Channel 4's Dispatches programme. I make no defence for public money wasted and am ashamed of some of the poor public stewardship exhibited. But the headlines can be misleading, the sound bites are easily digested and create barriers for hearing the truth. But procurement can see the media attention as an opportunity, to do that you need to think about what will be 'heard', how to respond and how to create a constructive platform for moving forward. These few days public procurement bashing can be very healthy and provide a useful opportunity for strategically repositioning procurement, if you want.
So, let's recall, Saturday's public procurement bashing centred around the Taxpayers' Alliance publication of the Bumper Book of Government Waste. The headline figure was £15bn of procurement waste per year. You can read my blog on how I believe the headlines were flawed. To me, if you are in public procurement, you need to have a quick refresh of the content of Towards Tesco, understand the key arguments, set out the pros and cons of your own organisational structure (acknowledge there is no perfect structure), be clear how you can maximise the benefits of collaborative procurement internally and externally, and set out your collaboration strategy.
Monday night's Dispatches programme provides a second bite of the cherry. In anticipation of that you should try to read the Sunday Times procurement bashing articles. Expect a revisit of Sir Philip Green's flawed report - you could read my critique. To me the focus of the bashing will be on pCards - now I've dealt with those before. You should understand the benefits of procurement cards, particularly how they can help local SMEs at the present time with cashflow problems. Also be clear about the transaction cost reductions and, contrary to the bashing, the increased control and visibility they provide. The Dispatches programme here is your ally as it highlights visibility which may not otherwise have been available. Make it clear that pCards were not the problem but inadequate governance, controls and procedures.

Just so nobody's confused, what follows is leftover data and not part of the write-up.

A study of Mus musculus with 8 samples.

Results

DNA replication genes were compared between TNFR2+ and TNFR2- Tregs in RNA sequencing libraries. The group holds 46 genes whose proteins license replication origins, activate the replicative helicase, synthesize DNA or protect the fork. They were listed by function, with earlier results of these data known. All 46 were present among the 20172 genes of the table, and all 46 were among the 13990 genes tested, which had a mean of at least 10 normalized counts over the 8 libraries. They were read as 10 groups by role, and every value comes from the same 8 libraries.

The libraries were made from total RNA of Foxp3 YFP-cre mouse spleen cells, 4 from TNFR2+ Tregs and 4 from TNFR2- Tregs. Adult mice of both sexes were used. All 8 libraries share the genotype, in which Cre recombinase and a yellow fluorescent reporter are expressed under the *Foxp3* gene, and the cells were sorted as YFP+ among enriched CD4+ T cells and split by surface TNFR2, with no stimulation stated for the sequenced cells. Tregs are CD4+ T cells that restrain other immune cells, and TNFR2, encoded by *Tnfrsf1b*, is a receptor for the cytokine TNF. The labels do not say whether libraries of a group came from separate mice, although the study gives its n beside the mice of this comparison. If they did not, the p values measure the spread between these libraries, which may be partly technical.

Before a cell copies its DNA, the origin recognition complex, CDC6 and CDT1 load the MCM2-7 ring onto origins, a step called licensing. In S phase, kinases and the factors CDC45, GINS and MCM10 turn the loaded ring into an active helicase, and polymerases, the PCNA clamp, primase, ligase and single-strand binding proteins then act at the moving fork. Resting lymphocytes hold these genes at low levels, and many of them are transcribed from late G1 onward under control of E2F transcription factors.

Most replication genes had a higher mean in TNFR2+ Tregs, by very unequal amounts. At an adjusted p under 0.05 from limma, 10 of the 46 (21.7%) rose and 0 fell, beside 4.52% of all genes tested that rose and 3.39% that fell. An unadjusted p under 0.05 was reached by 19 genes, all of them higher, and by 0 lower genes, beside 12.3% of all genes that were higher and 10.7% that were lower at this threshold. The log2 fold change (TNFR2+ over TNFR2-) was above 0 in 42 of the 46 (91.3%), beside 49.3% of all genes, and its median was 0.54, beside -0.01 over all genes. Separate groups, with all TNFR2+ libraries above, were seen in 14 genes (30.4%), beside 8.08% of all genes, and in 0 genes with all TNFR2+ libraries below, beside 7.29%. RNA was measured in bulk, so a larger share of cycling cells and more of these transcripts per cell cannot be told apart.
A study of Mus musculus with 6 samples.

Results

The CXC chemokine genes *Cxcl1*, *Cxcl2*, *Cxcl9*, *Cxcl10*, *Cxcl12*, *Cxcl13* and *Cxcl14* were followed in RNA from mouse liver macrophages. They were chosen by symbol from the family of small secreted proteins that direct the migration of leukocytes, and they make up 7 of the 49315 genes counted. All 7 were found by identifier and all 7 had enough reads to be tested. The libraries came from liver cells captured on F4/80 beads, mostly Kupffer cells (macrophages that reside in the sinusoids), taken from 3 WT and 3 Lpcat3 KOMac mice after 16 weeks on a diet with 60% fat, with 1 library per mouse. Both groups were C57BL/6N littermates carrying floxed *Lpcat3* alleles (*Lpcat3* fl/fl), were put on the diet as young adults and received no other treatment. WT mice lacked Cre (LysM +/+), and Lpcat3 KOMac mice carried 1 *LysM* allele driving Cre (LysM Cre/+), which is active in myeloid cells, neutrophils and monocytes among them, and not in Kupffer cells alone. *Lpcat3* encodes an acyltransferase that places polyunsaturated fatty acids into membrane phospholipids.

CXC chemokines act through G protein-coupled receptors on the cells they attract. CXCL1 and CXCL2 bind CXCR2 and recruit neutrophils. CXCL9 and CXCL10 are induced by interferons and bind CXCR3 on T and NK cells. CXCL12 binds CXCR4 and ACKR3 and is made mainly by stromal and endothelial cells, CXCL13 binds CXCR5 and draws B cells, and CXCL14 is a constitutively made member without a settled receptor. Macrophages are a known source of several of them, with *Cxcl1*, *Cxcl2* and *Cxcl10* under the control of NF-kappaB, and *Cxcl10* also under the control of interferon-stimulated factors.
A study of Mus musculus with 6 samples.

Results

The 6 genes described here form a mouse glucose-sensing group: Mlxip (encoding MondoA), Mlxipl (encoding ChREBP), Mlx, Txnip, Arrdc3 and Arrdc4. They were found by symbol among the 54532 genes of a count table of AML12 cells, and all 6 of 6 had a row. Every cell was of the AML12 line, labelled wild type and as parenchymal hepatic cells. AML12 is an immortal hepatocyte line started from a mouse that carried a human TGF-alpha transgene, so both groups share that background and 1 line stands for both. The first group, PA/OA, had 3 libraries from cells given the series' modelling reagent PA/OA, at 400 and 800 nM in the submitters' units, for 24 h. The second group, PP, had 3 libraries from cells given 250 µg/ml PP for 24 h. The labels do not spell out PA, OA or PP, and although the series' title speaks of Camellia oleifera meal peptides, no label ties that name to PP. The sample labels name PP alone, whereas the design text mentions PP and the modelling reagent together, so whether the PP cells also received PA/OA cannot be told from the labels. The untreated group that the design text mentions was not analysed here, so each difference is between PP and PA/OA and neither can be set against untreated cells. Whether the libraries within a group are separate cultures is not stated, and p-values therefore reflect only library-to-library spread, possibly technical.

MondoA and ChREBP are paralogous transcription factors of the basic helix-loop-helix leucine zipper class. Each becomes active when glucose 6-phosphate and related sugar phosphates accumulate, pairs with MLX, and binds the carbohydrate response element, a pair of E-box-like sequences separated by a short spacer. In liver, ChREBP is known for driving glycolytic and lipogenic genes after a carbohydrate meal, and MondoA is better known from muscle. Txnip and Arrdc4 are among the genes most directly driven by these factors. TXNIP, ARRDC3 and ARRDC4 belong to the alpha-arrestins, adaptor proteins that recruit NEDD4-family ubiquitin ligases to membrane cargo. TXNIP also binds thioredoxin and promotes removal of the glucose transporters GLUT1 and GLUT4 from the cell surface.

The timing of the media procurement bashing is also fortuitous - if the newspaper articles hadn't have been over the weekend, CEOs may not have had time to consider them. Your challenge now is to seize the opportunity and prepare a briefing paper for your CEO so that you can use media procurement bashing as part of your procurement communications strategy.